Tempest is a real-time, multiplayer strategy game where you pilot a rover in search of valuable resources on a distant, mineral-rich planet.
Three competing factions race to collect as many minerals as possible, while out-maneuvering severe storms, stealing from enemy collection stations, and confronting enemy rovers.
Of course, keeping your rover safe is your first priority. After searching the red planet for minerals and returning with a full load, your rover is rewarded with increased capacity and speed.
And no realtime strategy game would be complete without some powerups and defense, so we added medkits, speedboosts, and a blast shield to increase your chances of success!
It’s also worth noting that all of the music and sounds in Tempest were designed specifically for the game and composed in the same key to make for a harmonious, ambient adventure (thanks Jonathan Bell Wolfe!).
We’re a bit dumfounded at how quickly this project came together. Even though we’re used to moving from idea to implementation super fast, it never gets old to see an abstract “what if” turn into something you can actually play. Sure, it’s a bit heavy code/library wise (NowJS for realtime websockets and CAAT for handling drawing and animation on an HTML Canvas element), but it works!
Tempest is more fun with friends, or with multiple tabs :) Give it a try and let us know what you think!
HOW IT CAME TOGETHER
To work on lots of things in parallel, we collaborated on all of the code and design for Tempest using Space. It’s incredible how quickly things resolve (or break, and get immediately fixed) when we’re all working at the same time without checking things in and applying patches. A missed semicolon or quote can break things (as it always can), but when that does happen, everyone is focused on tracking down the bug and bringing the application back online. Of course in production, the workaround to this problem is simple: edit a working version collaboratively and only push to production when it’s stable.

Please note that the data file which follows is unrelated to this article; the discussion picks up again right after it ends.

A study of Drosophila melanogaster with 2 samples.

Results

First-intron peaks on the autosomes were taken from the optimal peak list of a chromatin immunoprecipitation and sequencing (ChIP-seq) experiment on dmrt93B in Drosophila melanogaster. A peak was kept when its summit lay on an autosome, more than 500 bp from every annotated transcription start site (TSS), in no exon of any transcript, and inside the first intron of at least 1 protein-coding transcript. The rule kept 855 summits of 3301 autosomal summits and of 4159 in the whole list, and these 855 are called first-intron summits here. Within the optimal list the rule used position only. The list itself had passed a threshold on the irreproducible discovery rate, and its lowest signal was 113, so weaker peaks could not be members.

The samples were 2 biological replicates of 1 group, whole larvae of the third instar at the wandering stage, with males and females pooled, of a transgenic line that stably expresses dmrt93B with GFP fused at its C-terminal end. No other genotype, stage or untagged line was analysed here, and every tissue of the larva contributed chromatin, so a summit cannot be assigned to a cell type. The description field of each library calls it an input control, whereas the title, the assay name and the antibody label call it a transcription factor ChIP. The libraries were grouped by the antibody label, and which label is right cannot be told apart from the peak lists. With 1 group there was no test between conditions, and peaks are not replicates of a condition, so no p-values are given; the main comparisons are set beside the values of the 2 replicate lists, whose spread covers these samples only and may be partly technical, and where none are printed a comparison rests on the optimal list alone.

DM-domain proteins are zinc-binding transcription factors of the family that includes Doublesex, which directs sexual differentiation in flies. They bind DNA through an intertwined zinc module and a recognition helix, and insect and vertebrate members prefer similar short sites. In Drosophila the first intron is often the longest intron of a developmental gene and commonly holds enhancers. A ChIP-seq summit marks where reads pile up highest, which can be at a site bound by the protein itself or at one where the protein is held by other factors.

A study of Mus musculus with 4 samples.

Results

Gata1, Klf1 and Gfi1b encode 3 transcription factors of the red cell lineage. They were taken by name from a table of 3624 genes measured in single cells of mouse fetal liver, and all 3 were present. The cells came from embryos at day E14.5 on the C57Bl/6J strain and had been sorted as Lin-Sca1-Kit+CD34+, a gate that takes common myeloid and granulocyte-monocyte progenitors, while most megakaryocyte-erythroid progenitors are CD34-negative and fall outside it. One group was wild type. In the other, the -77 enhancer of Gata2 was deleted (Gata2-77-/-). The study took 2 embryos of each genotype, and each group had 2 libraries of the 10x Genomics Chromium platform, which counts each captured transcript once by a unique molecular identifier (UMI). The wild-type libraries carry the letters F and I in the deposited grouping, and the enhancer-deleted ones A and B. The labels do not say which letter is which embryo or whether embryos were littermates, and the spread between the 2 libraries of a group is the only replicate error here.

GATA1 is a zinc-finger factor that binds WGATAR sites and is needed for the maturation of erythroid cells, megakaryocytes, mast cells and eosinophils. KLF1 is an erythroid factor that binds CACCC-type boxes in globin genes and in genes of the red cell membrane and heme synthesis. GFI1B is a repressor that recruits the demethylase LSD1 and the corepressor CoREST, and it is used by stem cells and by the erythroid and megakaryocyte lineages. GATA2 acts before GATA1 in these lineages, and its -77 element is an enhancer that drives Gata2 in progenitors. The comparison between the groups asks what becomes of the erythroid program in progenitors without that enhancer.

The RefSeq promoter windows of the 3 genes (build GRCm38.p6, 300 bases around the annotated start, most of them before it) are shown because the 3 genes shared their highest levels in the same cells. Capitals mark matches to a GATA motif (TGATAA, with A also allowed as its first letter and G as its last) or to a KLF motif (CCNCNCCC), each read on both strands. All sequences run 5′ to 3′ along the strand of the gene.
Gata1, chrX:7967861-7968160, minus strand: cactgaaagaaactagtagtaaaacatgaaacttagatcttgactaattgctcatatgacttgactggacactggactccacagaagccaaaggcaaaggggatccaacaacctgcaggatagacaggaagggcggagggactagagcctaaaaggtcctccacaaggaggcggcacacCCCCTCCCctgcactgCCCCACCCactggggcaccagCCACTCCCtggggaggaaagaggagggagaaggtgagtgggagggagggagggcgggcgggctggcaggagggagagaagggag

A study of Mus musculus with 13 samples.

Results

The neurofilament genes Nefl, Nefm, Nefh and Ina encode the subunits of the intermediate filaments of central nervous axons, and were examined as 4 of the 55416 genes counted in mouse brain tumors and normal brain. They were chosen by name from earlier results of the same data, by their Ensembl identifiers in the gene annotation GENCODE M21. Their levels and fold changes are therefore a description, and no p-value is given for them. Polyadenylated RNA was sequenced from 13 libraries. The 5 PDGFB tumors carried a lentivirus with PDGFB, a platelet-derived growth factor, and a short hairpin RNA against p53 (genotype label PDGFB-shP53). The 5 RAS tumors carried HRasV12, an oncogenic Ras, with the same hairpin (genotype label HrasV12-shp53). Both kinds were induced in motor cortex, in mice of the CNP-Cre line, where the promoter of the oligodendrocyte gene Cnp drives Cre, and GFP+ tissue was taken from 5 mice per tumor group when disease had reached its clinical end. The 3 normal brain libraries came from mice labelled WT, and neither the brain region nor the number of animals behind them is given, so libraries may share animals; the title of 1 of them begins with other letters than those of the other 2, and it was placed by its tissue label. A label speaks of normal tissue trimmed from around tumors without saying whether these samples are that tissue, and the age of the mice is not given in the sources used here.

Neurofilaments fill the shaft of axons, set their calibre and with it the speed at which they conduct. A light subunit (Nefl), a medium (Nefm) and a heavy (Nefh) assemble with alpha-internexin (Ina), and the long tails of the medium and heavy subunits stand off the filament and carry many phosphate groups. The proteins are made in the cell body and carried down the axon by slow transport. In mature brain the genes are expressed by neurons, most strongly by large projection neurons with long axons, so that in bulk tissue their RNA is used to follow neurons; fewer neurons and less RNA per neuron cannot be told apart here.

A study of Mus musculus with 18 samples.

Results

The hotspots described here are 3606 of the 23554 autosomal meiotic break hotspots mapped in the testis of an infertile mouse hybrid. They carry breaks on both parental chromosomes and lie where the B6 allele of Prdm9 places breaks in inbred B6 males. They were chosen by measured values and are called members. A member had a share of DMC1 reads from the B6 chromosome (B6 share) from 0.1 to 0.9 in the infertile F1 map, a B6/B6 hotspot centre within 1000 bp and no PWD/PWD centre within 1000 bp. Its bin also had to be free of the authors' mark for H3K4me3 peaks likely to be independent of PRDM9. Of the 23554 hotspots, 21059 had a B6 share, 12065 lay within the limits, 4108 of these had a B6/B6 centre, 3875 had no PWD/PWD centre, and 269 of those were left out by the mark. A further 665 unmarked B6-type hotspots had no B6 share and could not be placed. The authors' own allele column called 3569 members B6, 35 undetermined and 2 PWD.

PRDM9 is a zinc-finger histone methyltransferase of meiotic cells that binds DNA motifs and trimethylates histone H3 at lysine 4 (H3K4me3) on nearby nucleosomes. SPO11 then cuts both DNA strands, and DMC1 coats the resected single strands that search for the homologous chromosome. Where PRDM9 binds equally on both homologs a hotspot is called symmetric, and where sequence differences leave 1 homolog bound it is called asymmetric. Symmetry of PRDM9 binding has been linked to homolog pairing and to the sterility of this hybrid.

The other advantage of working synchronously and simultaneously on a project is that it can evolve much more quickly. The whole architecture is free to change as it’s being built, and when a change goes too far, everyone can chime in on how to do what’s needed without breaking too much code.
Our first day started with a one-hour brainstorm via a Google Hangout about the kind of game to make (read: NOT a specification-writing dev session). We all just started building the components we were most excited about and skilled to create, and by the end of day 1 the key elements were already up and running (realtime websockets for communication, a large interactive canvas for the game map, a strong design direction, basic styles, a soundtrack, and matching sound effects).
After a good night’s sleep and some basic observations about what seemed most fun and/or experientially flat, we spent most of day 2 building out Tempest (with health kits, speed boosts, and defensive blast shields) and smoothing out kinks so that the game could scale up to lots of users competing at once.
We’re not saying that every project can happen quite as organically or quickly as Tempest did, but who knows? The short version is that we just moved out of head-space and into action-space where we could really see what worked and was most exciting. It’s almost too simple, and something we’re sure to keep in mind for some of our other backburner projects that need a swift kick in the pants to get off the ground — let’s stop talking about the awesome things we’re going to make and see what we actually can.